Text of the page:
Policing and civil liberties – keeping women safe
Conference has grave concerns about the unacceptable and heavy-handed policing of the Sarah Everard vigil held on Clapham Common on 13th March, its impact on confidence in the police given underlying concerns about institutional sexism, and message this conveyed about society’s response issues of gender violence, women’s safety, and the right to express public grief. Conference notes:
A. That the vigil organised was a peaceful, appropriate and legally permissible gathering, but notwithstanding this the Metropolitan police sought cancellation of the event and then proceeded to use force against women who were exercising their rights, and to attempt to forcibly disperse the event.
B. That in the aftermath of the shocking murder of Sarah Everard, the police had a responsibility to demonstrate acute sensitivity to the feelings of hurt, grief, and the concerns women have about their safety
C. There are many examples of “everyday sexism” within the police, indicating this is a broader institutional problem
D. That violence and harassment against women going about their ordinary business has been normalised and accepted as part of everyday life; Government are currently consulting for their next Tackling Violence Against Women and Girls Strategy, but the strategy must recognise that this is unacceptable.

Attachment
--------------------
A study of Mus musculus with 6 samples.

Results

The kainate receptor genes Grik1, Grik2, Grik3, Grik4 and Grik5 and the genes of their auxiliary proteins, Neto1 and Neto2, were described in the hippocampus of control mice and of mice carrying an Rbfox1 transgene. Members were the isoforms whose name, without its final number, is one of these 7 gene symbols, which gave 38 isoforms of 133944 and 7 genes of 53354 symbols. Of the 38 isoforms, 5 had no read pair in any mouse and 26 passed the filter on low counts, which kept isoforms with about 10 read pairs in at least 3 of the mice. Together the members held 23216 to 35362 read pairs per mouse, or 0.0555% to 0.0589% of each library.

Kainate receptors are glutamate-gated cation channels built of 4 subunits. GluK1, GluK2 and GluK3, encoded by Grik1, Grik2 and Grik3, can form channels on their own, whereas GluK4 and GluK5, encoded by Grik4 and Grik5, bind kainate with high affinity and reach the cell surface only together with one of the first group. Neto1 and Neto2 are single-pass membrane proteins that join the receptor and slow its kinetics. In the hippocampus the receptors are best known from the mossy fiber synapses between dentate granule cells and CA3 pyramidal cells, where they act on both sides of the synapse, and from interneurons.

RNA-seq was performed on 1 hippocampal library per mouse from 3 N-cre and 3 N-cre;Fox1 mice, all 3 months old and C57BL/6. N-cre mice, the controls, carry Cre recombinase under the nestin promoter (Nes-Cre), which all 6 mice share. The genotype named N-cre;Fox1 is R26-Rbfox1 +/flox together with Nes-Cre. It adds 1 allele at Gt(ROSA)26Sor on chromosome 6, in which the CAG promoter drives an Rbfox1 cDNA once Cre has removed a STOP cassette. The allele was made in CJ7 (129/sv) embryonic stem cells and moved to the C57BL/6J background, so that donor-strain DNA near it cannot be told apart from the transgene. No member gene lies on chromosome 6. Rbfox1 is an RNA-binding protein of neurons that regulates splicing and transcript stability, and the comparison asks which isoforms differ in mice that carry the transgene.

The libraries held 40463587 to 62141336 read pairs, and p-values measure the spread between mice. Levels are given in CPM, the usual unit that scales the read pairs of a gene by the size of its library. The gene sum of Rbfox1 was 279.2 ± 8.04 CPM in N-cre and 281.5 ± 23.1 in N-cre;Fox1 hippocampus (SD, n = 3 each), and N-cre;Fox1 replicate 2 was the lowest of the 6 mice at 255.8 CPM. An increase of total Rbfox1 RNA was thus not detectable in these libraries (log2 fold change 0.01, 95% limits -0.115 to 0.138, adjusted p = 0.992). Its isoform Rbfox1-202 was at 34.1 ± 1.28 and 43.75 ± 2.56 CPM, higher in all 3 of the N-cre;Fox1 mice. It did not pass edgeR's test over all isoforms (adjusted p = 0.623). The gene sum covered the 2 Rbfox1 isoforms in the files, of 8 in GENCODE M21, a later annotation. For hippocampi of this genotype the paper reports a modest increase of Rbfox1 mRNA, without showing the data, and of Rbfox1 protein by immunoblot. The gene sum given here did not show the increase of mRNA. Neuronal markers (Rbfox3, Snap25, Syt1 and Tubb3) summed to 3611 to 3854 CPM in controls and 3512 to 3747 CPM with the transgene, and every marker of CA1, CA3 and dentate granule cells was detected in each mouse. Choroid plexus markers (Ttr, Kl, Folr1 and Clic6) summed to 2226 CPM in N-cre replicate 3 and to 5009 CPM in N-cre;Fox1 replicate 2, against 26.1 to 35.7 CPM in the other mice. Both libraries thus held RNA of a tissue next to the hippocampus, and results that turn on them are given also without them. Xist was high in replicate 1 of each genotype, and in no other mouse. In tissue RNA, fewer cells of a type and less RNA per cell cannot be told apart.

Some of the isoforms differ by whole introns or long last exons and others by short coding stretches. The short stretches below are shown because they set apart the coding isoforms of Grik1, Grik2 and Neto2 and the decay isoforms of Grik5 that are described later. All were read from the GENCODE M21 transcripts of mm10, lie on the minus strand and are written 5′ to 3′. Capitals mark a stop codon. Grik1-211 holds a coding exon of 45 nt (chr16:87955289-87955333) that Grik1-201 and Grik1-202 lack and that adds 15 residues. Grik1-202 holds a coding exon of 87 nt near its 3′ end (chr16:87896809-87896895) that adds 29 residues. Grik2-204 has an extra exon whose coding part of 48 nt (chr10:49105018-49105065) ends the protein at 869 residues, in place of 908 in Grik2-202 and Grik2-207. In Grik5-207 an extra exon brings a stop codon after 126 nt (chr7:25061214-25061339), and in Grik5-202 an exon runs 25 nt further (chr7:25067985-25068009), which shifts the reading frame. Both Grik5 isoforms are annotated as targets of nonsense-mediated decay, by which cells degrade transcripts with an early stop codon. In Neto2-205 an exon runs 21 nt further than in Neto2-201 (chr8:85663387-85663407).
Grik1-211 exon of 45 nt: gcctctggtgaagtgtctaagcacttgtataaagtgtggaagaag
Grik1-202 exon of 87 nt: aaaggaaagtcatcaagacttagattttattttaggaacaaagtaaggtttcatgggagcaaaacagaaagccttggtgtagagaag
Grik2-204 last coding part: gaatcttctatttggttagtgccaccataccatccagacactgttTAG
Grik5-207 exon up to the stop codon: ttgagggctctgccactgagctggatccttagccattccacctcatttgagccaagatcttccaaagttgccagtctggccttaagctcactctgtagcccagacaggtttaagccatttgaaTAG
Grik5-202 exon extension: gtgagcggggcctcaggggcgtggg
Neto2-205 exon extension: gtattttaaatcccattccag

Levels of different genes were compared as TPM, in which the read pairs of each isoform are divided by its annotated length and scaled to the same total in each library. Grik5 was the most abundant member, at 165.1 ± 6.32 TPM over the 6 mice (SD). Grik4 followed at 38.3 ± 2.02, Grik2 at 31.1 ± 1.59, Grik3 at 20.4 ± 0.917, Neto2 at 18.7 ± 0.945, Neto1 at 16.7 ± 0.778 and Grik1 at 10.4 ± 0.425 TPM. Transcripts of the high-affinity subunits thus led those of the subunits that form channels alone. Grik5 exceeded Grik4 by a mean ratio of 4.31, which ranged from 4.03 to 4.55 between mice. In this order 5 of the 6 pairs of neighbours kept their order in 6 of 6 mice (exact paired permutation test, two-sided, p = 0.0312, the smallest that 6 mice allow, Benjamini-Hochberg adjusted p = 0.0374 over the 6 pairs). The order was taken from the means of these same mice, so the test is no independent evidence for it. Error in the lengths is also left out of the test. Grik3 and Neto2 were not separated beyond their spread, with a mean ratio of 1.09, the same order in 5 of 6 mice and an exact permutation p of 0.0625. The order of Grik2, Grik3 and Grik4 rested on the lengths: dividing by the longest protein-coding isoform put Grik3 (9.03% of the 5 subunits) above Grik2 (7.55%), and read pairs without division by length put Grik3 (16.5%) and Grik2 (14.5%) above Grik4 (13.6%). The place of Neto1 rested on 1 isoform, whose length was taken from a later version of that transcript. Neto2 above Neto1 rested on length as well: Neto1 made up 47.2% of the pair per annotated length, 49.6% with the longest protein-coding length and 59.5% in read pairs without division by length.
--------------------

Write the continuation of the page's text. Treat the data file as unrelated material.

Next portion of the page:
E. That Government, whilst of course having a duty to maintain public health measures, have been increasingly eroding many of our fundamental rights and civil liberties
Conference reaffirms the Liberal Democrat commitment achieving the highest level of trust between police and the community, the elimination of violence and harassment against women, and upholding the right to peaceful assembly and protest. The principle of policing by consent is an absolute requirement for the rule of law to prevail, that women and confident that the justice system is on their side.
Conference calls for
- A full independent inquiry into the police response to the Clapham Common vigil (in addition resignation of the Commissioner)
- Withdrawal of the Police, Crime, Sentencing and Courts Bill 2021, which seeks to protect police officers, clamp down on public protests, and impose longer custodial sentences; the Home Secretary should now consider her position.
- A Commission on the future of policing, addressing issues of institutional sexism should be written into its terms of reference.
- That measures to be considered in government’s next Tackling Violence Against Women and Girls Strategy should be progressed on an all party basis.
- Liberal Democrats, re-affirming our stance on civil liberties, to lead resistance the steady erosion of human rights and the legal and democratic accountability of public bodies and executive powers, if not kept in check, a police state by stealth will prevail.